Injury claims trends in the U.S. - what’s up and what’s down
Matthew S. Schorr at Marshall Dennehey, updates us from across the Atlantic.
Climate change litigation in the U.S. is primarily based on federal (especially) and state statutes, such as the Clean Air and Water Acts, and the Endangered Species Act. This area of claims will likely continue to increase as individuals, municipalities, counties and states seek damages from fossil fuel companies and others for alleged environmental harm.
Are also anticipated to increase, at least until a global settlement, which Johnson & Johnson has favoured in recent years, because the latency period for asbestos cancers is so long (30 years or more). This means that many new diagnoses of ovarian and uterine cancers will spawn new lawsuits for years to come. Thus far, 27,000 claims have been filed against J&J; these claims are consolidated in New Jersey federal court. Other individual suits in state court have resulted in very large verdicts. The claims allege that J&J (and a few others like Colgate) knew their talcum powder was contaminated by asbestos. In 2019, J&J voluntarily recalled one batch of talcum powder because it contained chrysotile asbestos (a less potent form of asbestos). In May of 2020, J&J stopped selling talcum powder in the U.S. & Canada, which will have the effect of reducing future claims. J&J has reserved $4 billion for talc lawsuits.
Pharmaceutical claims: will likely continue unabated, especially in hotspots like Philadelphia, Chicago, New York, and Los Angeles. Recent lawsuits in cases involving transvaginal mesh, Risperdal, and other pharma products have resulted in extremely large verdicts ranging from $8 billion (in a Philadelphia Risperdal lawsuit) to the many-millions. These large verdicts have spawned new lawsuits.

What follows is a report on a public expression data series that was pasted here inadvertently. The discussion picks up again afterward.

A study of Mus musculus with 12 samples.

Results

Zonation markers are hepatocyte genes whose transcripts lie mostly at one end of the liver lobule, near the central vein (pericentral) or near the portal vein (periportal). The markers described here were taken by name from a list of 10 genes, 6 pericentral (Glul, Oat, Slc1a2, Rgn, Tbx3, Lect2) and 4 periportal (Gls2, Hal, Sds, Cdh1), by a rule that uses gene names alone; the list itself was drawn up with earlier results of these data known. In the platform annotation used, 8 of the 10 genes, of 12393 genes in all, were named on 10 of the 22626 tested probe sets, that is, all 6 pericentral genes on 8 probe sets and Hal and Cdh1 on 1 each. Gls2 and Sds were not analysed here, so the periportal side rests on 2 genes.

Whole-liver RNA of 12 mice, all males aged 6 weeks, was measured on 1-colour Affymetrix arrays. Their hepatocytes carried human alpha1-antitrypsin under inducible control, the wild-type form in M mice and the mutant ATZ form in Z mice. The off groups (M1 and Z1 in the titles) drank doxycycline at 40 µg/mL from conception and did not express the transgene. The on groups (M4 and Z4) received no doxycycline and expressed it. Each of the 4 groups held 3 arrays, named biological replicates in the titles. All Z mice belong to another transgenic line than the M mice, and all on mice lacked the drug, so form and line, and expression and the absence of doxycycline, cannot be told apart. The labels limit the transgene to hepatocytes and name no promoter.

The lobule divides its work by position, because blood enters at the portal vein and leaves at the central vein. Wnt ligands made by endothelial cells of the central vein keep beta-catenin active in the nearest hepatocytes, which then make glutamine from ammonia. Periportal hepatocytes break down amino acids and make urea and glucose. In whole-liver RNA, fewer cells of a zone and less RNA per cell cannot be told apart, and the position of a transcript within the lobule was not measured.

What’s going down
Whereas climate change, talc, and pharmaceutical claims will likely increase, molestation claims will likely wane. Specifically, the Boy Scouts declared bankruptcy in 2020 and recently offered a global settlement of about $750 million. However, other claims, like priest abuse claims, will continue, and they might also increase because many states have abrogated or diluted the statute of limitations for new claims.
Will probably also wane because DuPont and others settled in January of 2021 for approximately $4 billion, which resolved claims in the federal multidistrict litigation pending in Ohio. Weed killer claims, similarly, will decrease because, after several big verdicts, Bayer (which inherited the litigation when it bought Monsanto) agreed to pay $10 billion to settle 95,000 pending claims ($1.25 billion will be set aside for future claims). However, 40,000 people opted out of their settlement, so the litigation will continue in a diminished capacity.
Business interruption claims
Will also continue to decrease. Slightly more than 1,500 claims have been filed nationwide since March of 2020. One-third of the claims have been filed by those in the food service business, primarily restaurants; one-fourth have been filed as class actions; and in one-third of the filed cases, the policies did not have virus exclusions. The cases are difficult to win, especially in federal court—94% of the cases filed in federal court have been dismissed, and 54% of the cases filed in state court have been dismissed. Ohio and Missouri have been most favourable to plaintiffs/insureds. Only one case (Louisiana) has gone to trial (bench) and the judge ruled for the insurer. Some big chains are still expected to file lawsuits, but the volume of claims has slowed down.
Chronic traumatic encephalopathy (CTE) claims
Have also declined after a 2015 settlement in which the NFL created (and a Pennsylvania federal judge approved) a compensation scheme valued at about $1 billion. Future CTE claims will be determined by the NFL’s payment scheme. There have been new allegations that payments under the scheme are infected with racial bias, but those likely will be resolved by the NFL without significant new litigation. New helmet claims continue to be filed, primarily against helmet manufacturer Riddell. Certain claims by bellweather plaintiffs in a class action against Riddell were recently dismissed by an Illinois federal court based on deficiencies in the plaintiffs’ expert’s analysis, but the remainder of the lawsuits will proceed.
Matthew S. Schorr is Assistant Director of the Casualty Department and a member of the Board of Directors at Marshall Dennehey, the U.S. founding law firm of Insurance Law Global. Contact Matthew at email@example.com.